Whether it's been more than a few years since your last physical examination or you visit a local medical clinic, such as Summit View Clinic, for these appointments frequently, this face time with your primary care provider gives you a chance to fully understand your current health situation. You can gain this knowledge partly by listening carefully when your doctor speaks and by asking for a summary of your checkup to be emailed to you, and partly by being engaged in the process and asking plenty of questions. Your physical is an ideal chance to ask any questions that are on your mind, given that you're dealing with your doctor one on one. Here are some useful questions to ask during your physical.
Am I In Better Or Worse Health Than My Last Physical?
To understand your health, it's useful to be able to assess whether you're moving in the right direction or not. Asking your doctor to compare your current physical results to your last checkup will provide you with an idea of whether you need to make improvements in your life or whether you just need to keep on doing what you're doing. For example, many doctors test their patients' body mass index, or BMI, during physicals. If your BMI is higher than it was at your last physical, you'll know that making some dietary changes and getting more exercise should be a priority.
Are You Concerned About Anything?
If you're the type of person who constantly worries about his or her health, asking the doctor about any concerns can often set your mind at ease. For example, your doctor could indicate that your track record of health is positive and, based on your family health history, you don't likely have anything to worry about. Conversely, your doctor could indicate that he or she is a little worried about one thing, such as your blood pressure. You can then discuss strategies to lower your blood pressure, such as reducing your stress.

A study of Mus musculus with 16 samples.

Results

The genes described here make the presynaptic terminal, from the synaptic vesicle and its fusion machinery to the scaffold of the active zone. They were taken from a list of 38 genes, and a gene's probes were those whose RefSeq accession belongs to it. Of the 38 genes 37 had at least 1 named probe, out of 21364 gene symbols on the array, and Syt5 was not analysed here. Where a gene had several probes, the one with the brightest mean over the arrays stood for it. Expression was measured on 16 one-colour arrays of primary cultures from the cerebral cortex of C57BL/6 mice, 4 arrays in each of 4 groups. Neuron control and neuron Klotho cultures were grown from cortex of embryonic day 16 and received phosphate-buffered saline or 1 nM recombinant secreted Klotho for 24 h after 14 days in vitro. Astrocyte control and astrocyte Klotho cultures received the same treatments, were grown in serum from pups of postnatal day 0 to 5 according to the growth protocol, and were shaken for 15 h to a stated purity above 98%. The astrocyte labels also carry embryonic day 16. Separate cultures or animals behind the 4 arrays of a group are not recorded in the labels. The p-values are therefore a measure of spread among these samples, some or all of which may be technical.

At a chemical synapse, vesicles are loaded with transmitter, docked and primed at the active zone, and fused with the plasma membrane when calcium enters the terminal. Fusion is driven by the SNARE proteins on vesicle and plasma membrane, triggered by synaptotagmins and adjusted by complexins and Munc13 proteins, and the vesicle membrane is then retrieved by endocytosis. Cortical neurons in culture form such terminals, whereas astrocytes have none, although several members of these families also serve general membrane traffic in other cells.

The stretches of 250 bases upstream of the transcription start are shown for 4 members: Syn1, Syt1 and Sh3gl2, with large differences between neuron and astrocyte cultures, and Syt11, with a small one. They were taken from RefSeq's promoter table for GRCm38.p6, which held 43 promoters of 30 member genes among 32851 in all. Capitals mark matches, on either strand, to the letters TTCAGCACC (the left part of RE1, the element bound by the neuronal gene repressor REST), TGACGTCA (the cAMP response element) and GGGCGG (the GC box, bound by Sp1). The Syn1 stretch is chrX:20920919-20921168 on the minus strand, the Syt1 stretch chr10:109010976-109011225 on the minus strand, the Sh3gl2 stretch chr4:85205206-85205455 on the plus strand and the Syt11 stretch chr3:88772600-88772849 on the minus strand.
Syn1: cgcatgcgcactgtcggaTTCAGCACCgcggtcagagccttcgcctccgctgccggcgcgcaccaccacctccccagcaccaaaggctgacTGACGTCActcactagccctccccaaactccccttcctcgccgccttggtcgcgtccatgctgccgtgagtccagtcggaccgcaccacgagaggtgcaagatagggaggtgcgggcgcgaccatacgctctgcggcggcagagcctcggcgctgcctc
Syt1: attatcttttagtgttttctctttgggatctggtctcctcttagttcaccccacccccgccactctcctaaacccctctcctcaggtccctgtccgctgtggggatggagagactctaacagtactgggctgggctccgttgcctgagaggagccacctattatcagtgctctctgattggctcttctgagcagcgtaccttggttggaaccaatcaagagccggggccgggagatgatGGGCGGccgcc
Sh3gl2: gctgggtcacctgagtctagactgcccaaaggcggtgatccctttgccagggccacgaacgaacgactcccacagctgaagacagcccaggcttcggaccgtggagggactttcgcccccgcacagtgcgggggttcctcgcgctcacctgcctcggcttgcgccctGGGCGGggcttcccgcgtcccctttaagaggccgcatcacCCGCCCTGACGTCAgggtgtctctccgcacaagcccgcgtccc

Should I Be Taking Any Daily Medication?
If you've had bloodwork taken during a previous clinic visit and are now learning about the results of those tests, it's ideal to talk about any medication that you should be taking. For example, if your results show that you're a little low in calcium or iron, your doctor will likely recommend that you take supplements of this nature on a regular basis. This is also an ideal opportunity to let your doctor know about any off-the-shelf medication that you're taking and determine if he or she recommends continuing to take it or stopping.